Mashup Lab, which began in Nova Scotia as a way to help rural entrepreneurs, recently offered a course on the Prairies
It worked in Nova Scotia, so why not try it on the Prairies?
That’s the idea behind a business crash course from a Nova Scotia entrepreneur who has helped harness the power of rural innovators across the Maritimes.
“A lot of people have great ideas, but they just get overwhelmed by the process of having to do a business plan, spread sheets and everything else that goes with it,” said Andrew Button, founder of Mashup Lab, which is responsible for helping more than 120 companies get started in Nova Scotia in the last 24 months.
Button spent 15 years in economic development and realized that rural entrepreneurs needed something different than what they were able to access on their own. While community development funding and advice was available, it often didn’t reach far enough down the learning curve to meet budding rural entrepreneurs where they were at.
In 2014, Button decided to take his economic development experience directly out to rural Nova Scotians wanting to start or grow a business.
“I wanted to focus on inspiring people in rural places to pursue their dreams, develop their full potential and lead communities to thrive,” said Button, whose Mashup Lab company now offers entrepreneurial events, rural co-working offices and a virtual business incubation program in various maritime communities.
The latter initiative was what caught the attention of Community Futures leaders in Saskatchewan, Manitoba and Alberta. Seeing the success of Mashup Lab in helping to initiate and grow so many businesses in Eastern Canada, the organizations decided to partner to fund a virtual Mashup Lab business incubator program for the West.
“Mashup Lab focuses on unleashing rural potential and business incubation, which matches well with Community Futures as a supporter of rural entrepreneurship,” said Susan Bater of Community Futures Manitoba and Saskatchewan.
“Due to the pandemic, in-person training was not available for entrepreneurs so being able to provide this training via webinar worked very well.”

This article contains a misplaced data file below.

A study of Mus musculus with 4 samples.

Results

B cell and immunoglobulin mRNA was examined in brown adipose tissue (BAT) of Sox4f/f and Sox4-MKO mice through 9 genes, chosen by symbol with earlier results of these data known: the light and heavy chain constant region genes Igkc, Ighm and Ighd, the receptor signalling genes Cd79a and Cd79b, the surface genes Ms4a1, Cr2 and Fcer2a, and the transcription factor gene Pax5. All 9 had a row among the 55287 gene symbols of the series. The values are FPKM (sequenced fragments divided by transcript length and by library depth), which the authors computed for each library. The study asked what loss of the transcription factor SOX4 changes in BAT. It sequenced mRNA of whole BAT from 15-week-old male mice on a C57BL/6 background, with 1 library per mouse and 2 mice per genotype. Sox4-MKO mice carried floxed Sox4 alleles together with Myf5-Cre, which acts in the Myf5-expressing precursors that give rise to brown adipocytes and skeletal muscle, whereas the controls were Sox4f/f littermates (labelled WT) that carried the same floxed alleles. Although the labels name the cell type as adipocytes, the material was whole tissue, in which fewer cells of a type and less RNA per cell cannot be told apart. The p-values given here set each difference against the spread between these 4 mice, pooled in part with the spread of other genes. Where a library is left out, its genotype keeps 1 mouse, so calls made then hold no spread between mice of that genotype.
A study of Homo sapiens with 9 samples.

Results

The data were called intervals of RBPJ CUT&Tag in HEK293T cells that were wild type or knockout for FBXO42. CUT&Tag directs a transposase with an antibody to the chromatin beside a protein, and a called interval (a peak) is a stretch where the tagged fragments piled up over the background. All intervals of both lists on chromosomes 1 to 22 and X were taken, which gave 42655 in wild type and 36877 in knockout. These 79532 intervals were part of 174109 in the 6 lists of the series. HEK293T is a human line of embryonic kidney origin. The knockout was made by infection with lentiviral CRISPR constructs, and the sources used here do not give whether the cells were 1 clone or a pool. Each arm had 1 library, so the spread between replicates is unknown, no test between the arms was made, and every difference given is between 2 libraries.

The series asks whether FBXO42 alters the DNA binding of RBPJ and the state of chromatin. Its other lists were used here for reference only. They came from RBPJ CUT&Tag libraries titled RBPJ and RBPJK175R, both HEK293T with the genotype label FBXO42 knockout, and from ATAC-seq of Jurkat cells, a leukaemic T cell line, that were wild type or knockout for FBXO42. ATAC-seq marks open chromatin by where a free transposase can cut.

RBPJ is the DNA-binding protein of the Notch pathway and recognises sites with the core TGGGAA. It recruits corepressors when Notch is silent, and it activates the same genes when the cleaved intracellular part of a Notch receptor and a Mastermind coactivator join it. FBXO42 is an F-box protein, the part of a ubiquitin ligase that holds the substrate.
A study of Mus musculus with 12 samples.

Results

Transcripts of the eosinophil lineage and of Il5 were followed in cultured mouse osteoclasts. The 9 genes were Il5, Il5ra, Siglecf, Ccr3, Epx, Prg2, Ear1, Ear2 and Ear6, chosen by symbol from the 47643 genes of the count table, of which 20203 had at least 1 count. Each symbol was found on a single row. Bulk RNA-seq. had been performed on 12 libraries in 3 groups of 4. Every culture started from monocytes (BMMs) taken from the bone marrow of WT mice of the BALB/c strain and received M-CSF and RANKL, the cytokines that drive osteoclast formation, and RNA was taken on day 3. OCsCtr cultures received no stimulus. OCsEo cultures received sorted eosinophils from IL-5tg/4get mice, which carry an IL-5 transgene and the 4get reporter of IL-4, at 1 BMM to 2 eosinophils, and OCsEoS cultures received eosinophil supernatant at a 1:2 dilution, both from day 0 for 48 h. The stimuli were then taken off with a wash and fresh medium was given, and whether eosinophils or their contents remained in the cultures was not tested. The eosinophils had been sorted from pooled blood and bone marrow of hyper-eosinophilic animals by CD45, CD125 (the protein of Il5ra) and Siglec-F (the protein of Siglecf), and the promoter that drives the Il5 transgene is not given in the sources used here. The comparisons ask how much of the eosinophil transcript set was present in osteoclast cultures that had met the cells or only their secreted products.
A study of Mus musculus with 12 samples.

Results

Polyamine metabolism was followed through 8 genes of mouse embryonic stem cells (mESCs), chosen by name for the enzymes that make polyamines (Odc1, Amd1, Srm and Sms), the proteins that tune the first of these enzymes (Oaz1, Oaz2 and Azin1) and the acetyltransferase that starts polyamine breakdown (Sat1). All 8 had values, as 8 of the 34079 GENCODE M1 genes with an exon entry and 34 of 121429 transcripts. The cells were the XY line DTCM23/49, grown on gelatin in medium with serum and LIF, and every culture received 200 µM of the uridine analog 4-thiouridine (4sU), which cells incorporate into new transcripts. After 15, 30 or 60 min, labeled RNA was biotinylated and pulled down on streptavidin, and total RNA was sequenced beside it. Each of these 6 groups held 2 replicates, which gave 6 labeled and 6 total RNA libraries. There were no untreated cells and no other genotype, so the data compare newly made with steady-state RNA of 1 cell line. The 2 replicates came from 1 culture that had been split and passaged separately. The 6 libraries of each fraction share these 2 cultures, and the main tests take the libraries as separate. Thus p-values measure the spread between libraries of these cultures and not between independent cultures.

The first Mashup Lab virtual business incubator program was offered in a six-week-session format free of charge this past April and May. The goal of the course, said Button, has always been to have participants leave knowing what their next business step will be.
“My fundamental hypothesis has always been, every idea deserves a shot,” said Button, adding that the incubator program works because it shows entrepreneurs how to evaluate their idea in practical terms.
“For me, success can also be someone going through the six-week process and deciding their idea isn’t going to work because I just saved that person thousands of hours of their life, thousands of dollars and thousands of dollars of other people’s money,” said Button, whose own business is based in the rural New Scotia community of Bridgewater, population 8,500.
Of the hundreds of rural maritime entrepreneurs who have taken the course, many have started or expanded businesses, including Button’s most successful example — a video game tech company in Mahone Bay that sold for US$375 million. He also points to a rural mother of an autistic child who started a float tank business to help her own family while at the same time capitalizing on the area’s need for the service.
The first-ever Mashup Lab prairie program wrapped up on May 4 with the 15 free spots being filled by a variety of Manitoba, Saskatchewan and Alberta entrepreneurs.
“We had such an eclectic mix of entrepreneurs offering everything from commercial real estate to indigenous tourist experiences to digitizing photos and videos,” said Button.
Summer Heide, who grain farms with her husband and three children near Moosomin, Sask., took the course and left feeling more confident in her idea to start an on-farm greenhouse business, with homemade preserves and a cut-flower operation.
“I have the skills to grow all of this, but had no idea as far as creating a business and branding myself to build a business on,” said Heide, adding that the greatest take-away was a sense of belief in her business future.
“The program really gave me more confidence in starting a business. It helped me see parts of my business I hadn’t even thought about yet.”
Two of the most beneficial elements of the program, said Button, are the one-on-one coaching offered to all participants during the six weeks of their program, as well as the connections created among the diverse set of entrepreneurs who have the same goal: to grow their businesses and also their rural communities.
“I’ve seen what’s possible and I believe with a little bit of focus on the process of starting a business, there’s the possibility of a better future for everybody,” added Button.